While “The Break-Up” might not be excellent cinema, there is one scene that I often return to in my head when I think about intention and action. Jennifer Aniston is angrily cleaning up after a dinner party while Vince Vaughn is playing video games in the other room. She asks for his help. He suggests waiting a bit — wanting to relax after a long day. They fight, it escalates, and he finally agrees to do the dishes — at which point she (famously, since it exists in GIF form now) tells him that it is not that she wants him to help with the dishes, she wants him to want to help with the dishes.
The substance of an argument in today’s Gemara is quite different from doing dishes, but the underlying question is similar: to what extent does intention matter?
Today’s page contains many examples of objects that are muktzeh (may not be touched or moved because they are usually used for Shabbat-prohibited labors) but are incorporated into Shabbat-permitted vessels in ways that render them permissible to move. For example, although gathering branches is forbidden on Shabbat, if a branch is tied to a pitcher it is considered part of that pitcher and the whole apparatus may be moved on Shabbat.
A more complicated example is that of a stone (muktzeh) resting inside a hollowed-out gourd (not muktzeh) that is used for collecting water. The stone functions as part of the device because it weights the gourd so it can be filled with water (otherwise, the gourd would float atop the well water’s surface and be difficult to fill). But unlike the branch and the pitcher, the stone is not necessarily attached to the gourd (it might be simply resting in the bottom of the gourd). Our mishnah states that as long as the stone does not fall out of the gourd when it is being used to draw water, the stone is considered part of the gourd and therefore the whole apparatus may be moved on Shabbat.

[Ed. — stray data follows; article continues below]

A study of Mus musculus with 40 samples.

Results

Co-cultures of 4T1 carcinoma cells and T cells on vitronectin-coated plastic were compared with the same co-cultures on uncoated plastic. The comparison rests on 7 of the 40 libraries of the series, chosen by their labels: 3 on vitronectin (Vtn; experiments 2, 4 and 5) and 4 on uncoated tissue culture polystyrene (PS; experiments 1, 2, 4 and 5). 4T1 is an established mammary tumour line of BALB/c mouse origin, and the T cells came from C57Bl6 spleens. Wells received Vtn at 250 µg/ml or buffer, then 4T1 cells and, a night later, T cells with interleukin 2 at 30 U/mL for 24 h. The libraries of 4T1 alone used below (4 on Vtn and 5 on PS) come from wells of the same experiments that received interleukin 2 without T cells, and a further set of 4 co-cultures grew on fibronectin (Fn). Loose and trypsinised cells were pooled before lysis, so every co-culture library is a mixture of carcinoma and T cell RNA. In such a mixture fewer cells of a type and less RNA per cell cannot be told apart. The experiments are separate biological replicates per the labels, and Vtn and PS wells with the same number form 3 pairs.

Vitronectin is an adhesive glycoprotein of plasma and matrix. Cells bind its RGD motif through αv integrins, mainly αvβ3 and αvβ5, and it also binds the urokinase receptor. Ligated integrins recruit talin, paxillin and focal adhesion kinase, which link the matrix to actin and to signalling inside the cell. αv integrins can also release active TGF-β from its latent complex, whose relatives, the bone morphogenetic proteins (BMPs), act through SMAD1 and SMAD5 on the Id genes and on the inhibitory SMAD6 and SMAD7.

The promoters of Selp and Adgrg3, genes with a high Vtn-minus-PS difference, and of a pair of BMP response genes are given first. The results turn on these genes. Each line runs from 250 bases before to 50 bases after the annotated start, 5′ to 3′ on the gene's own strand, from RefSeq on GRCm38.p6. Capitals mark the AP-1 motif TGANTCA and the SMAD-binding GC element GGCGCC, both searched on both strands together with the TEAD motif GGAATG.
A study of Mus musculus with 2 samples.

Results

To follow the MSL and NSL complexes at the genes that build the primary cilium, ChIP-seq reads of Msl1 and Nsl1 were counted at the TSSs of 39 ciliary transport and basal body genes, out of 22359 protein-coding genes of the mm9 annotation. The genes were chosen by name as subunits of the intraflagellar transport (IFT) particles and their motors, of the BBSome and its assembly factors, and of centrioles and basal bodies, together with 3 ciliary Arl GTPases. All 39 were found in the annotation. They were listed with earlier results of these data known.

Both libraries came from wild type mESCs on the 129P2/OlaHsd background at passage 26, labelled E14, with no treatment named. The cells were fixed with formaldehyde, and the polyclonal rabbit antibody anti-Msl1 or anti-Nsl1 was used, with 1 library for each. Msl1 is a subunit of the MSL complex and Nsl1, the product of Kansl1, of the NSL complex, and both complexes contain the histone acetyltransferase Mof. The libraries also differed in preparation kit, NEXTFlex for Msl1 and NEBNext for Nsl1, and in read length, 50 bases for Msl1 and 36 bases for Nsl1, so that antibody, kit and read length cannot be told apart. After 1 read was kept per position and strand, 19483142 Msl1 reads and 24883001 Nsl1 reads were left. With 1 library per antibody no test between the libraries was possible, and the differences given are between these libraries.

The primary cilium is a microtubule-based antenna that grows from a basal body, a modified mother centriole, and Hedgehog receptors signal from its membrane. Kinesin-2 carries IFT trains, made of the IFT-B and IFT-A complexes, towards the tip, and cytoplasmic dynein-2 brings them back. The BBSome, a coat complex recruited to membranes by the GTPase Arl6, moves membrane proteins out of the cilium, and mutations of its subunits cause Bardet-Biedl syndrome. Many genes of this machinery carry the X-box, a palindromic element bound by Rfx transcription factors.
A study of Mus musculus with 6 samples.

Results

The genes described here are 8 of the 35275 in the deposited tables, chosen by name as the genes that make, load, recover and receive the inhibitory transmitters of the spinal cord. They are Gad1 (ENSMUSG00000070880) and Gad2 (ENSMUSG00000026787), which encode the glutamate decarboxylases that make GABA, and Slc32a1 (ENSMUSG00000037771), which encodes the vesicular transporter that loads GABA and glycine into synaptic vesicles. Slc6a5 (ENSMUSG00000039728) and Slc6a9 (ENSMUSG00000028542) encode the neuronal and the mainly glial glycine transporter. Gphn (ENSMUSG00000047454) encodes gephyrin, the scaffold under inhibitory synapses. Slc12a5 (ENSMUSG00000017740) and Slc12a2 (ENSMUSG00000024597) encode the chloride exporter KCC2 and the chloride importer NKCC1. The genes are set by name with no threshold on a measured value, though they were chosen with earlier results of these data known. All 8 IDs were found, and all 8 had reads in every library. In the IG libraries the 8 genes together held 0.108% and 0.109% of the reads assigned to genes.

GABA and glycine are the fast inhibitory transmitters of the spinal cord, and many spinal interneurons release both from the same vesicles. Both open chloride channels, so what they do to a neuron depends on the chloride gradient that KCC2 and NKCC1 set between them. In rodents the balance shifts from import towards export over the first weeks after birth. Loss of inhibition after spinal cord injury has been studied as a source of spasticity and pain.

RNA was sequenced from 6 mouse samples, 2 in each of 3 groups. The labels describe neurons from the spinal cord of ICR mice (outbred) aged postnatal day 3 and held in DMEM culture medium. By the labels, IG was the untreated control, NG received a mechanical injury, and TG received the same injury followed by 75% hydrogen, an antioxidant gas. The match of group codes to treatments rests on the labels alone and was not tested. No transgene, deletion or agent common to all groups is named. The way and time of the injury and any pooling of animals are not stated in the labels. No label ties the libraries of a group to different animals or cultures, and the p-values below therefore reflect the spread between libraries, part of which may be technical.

The discussion of under which circumstances this stone may be moved on Shabbat gets even more dizzyingly complicated in the Gemara, which eventually articulates the following summation of the debate:
With regard to what do they disagree?
One Sage, Rabba, holds that we require an action to change the status of a stone or another set-aside object into a vessel.
And one Sage, Rav Yosef, holds that we do not require an action.
What does it take, the rabbis are asking, to make something no longer muktzeh? Do I need to do something to it, or is wanting to do something enough? The answer comes in the form of a story:
When Rav Dimi came (from the land of Israel to Babylonia) he said that Rabbi Hanina said (though some say that it was Rabbi Zeira who said that Rabbi Hanina said it): Once Rabbi Yehuda HaNasi went to one place and found a course of building stones, and he said to his students: Go out and think that you are designating these stones for Shabbat so that we may sit on them tomorrow. And Rabbi Yehuda HaNasi did not require them to perform an action with those stones.
So, according to this account, mere thoughtful intention is enough to change an object from muktzeh to non-muktzeh.
Or is it? The Gemara knows another version of the story which it relates next:
Rabbi Yohanan said: That is not what happened. Rabbi Yehuda HaNasi required them to perform an action to designate the stones.
What action did he say to them to perform? Rabbi Ami said that Rabbi Yehuda HaNasi said to them: Go out and arrange the stones. Rabbi Asi said that he said to them: Go out and rub the mortar off of them.
Rabbi Yohanan argues that in fact Rabbi Yehudah HaNasi did require his students to perform an action on the stones that would designate them for Shabbat and render them permissible seating. Naturally, the Gemara even has two different accounts of what that action was! (And, if you read further in the page, you see that the rabbis also disagree about whether it was even stones that Rabbi Yehudah HaNasi planned to use as seating for his lecture.)
Action or no action? The question, as regards the stone in the gourd, remains unresolved. But one thing we do learn today is that whether in thought or in action, forethought and planning are expected. Once Shabbat begins, these stories remind us, it is too late to change an object’s status. You have to plan to use the stones. You have to plan to do the dishes.